IT IS a club whose international membership takes pride in keeping alive traditions and customs dating back centuries.
But the newly appointed head of the nation's leading authority on clans has criticised the lack of interest among young Scots in their ancestry compared to their counterparts in the US and Australia.
Sir Malcolm MacGregor of MacGregor, convener of the Standing Council of Scottish Chiefs (SCSC), said the fact their heritage and culture was "on their doorstep" appeared to dissuade new generations of indigenous Scots from researching their family history.
He vowed to work alongside organisations like the Scottish Government and VisitScotland as well as ancestral Scots groups the world over to make the historic council more "relevant" and "up to date".
The 24th chief of the Clan MacGregor said the organisation should not simply be "beetling away" with clans alone, explaining that a key aim of his tenure was to help preserve clan culture along with historical artefacts and sites of interest, something which he said "has not happened at all" to date.
He also revealed that the organisation is in tentative talks with officials for a possible clan gathering in Stirling in 2014 to mark the 700th anniversary of the Battle of Bannockburn, but stressed there were "lessons to be learned" from The Gathering event in Edinburgh in 2009, which attracted criticism after running up significant debts.
Many of Scotland's 140 clans and families are now being kept alive by enthusiasts in Ontario and Auckland, rather than Auchterarder or Oban.
Sir Malcolm, a former major in the Scots Guards, took over the prestigious post of SCSC convener last month from Lord Caithness, who he praised for helping to begin the "modernisation process" with a clan chiefs' convention at the Scottish Parliament two years ago.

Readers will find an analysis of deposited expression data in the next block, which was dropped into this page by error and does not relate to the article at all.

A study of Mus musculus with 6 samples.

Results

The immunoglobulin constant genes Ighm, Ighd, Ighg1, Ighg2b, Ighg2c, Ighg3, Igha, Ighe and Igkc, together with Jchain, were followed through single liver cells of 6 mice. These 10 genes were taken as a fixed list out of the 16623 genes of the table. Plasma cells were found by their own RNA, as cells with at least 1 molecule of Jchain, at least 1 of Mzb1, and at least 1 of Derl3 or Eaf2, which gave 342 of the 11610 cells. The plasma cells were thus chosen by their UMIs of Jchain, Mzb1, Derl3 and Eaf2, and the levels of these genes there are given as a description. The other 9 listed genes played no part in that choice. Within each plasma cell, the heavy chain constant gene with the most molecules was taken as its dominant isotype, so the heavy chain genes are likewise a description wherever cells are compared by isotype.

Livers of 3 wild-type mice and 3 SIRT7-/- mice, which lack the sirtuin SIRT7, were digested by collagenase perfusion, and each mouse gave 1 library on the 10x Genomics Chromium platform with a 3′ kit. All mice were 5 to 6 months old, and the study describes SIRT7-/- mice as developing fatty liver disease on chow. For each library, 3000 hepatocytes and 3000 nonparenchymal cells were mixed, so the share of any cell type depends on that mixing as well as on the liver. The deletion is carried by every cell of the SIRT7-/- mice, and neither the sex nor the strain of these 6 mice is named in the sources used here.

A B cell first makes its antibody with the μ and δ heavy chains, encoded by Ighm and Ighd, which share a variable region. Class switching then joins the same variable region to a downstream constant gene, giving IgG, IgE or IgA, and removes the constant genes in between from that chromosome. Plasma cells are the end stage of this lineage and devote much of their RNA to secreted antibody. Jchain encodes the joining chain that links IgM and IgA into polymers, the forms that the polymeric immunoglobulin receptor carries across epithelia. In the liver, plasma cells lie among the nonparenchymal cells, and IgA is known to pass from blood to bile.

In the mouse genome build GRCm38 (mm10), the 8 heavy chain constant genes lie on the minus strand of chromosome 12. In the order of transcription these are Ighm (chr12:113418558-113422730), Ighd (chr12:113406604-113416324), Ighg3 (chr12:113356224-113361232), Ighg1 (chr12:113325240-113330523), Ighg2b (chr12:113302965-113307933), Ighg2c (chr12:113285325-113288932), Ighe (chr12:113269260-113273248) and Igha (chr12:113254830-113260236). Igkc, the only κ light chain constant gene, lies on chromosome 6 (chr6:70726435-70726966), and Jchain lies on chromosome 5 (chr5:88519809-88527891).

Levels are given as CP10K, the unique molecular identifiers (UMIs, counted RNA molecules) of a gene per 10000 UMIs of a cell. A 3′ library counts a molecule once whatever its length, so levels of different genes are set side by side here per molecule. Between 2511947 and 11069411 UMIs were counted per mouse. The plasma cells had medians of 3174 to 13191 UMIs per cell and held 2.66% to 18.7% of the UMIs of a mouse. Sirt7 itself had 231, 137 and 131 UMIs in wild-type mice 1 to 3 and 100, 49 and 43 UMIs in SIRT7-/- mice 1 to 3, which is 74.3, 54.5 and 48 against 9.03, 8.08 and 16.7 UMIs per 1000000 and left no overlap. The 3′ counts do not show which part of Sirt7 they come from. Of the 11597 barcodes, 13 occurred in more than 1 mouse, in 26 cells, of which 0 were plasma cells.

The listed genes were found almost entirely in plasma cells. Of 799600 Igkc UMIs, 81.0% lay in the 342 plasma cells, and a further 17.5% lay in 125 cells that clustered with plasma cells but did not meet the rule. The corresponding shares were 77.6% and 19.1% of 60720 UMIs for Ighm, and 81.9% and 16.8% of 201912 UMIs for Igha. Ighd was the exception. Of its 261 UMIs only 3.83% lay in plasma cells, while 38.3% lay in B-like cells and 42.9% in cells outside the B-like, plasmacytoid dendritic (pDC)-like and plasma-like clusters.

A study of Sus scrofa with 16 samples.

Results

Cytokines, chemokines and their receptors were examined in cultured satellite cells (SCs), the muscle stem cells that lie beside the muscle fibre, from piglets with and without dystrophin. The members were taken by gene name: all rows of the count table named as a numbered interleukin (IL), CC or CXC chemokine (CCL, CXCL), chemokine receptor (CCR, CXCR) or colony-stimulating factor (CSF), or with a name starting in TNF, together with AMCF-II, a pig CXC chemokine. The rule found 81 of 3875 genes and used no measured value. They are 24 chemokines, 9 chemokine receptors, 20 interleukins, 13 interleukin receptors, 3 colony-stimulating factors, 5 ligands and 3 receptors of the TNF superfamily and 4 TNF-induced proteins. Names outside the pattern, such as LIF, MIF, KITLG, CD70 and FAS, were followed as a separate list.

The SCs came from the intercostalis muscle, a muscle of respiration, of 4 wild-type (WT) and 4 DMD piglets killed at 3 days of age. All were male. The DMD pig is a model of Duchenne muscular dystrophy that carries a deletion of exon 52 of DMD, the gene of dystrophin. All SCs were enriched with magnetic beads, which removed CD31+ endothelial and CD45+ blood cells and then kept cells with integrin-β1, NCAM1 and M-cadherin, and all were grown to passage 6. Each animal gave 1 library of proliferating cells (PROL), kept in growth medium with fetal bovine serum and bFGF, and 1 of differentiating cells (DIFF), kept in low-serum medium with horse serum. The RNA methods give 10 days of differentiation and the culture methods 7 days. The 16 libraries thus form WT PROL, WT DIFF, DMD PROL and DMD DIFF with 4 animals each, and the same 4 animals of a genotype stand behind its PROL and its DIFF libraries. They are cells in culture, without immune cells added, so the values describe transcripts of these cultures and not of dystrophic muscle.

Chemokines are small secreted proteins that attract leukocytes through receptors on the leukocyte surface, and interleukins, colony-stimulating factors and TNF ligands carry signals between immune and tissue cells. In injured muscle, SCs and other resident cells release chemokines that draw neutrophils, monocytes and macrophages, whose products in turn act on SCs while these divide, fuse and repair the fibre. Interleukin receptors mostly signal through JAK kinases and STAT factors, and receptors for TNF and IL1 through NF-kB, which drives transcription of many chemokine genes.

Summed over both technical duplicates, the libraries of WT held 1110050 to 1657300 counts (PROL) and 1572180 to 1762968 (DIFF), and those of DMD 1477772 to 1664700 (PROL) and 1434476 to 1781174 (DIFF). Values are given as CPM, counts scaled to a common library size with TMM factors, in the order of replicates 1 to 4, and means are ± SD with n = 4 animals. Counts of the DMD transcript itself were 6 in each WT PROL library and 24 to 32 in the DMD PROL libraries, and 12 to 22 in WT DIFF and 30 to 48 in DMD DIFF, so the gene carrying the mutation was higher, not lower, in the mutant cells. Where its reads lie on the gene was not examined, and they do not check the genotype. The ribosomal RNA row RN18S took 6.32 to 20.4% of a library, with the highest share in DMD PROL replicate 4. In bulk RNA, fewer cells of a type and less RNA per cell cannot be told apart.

"We've hit on a number of areas we were weak in, and we realised we had no real liaison with government or VisitScotland," he said. "That's changing now."
Sir Malcolm, who is married to BBC newsreader Fiona Armstrong, said he hopes to target a younger demographic, but admitted there was no easy way of executing such a plan.
"We have quite a substantial younger element abroad compared to this country," he explained. "There's a problem in Scotland in encouraging younger people to join.
"I think that part of the problem with Scots generally is that our heritage, culture, and all the rest of it is on our doorstep. People don't need to join a society to get at it, and that has a knock on effect to their children, who won't join a society or go to a library to research.
"Whereas in America and Australia, family history is very important to people. American Scots often regard themselves as Scottish first and American second."Nonetheless, Sir Malcolm, who works as a landscape photographer, said the increasing availability of DNA research techniques allied to traditional genealogical studies ensured that interest in clans worldwide was buoyant.
"DNA research has made a hell of a difference, it helps people see how clans have evolved and helps bolster the number of people joining clans and clan societies," he reasoned.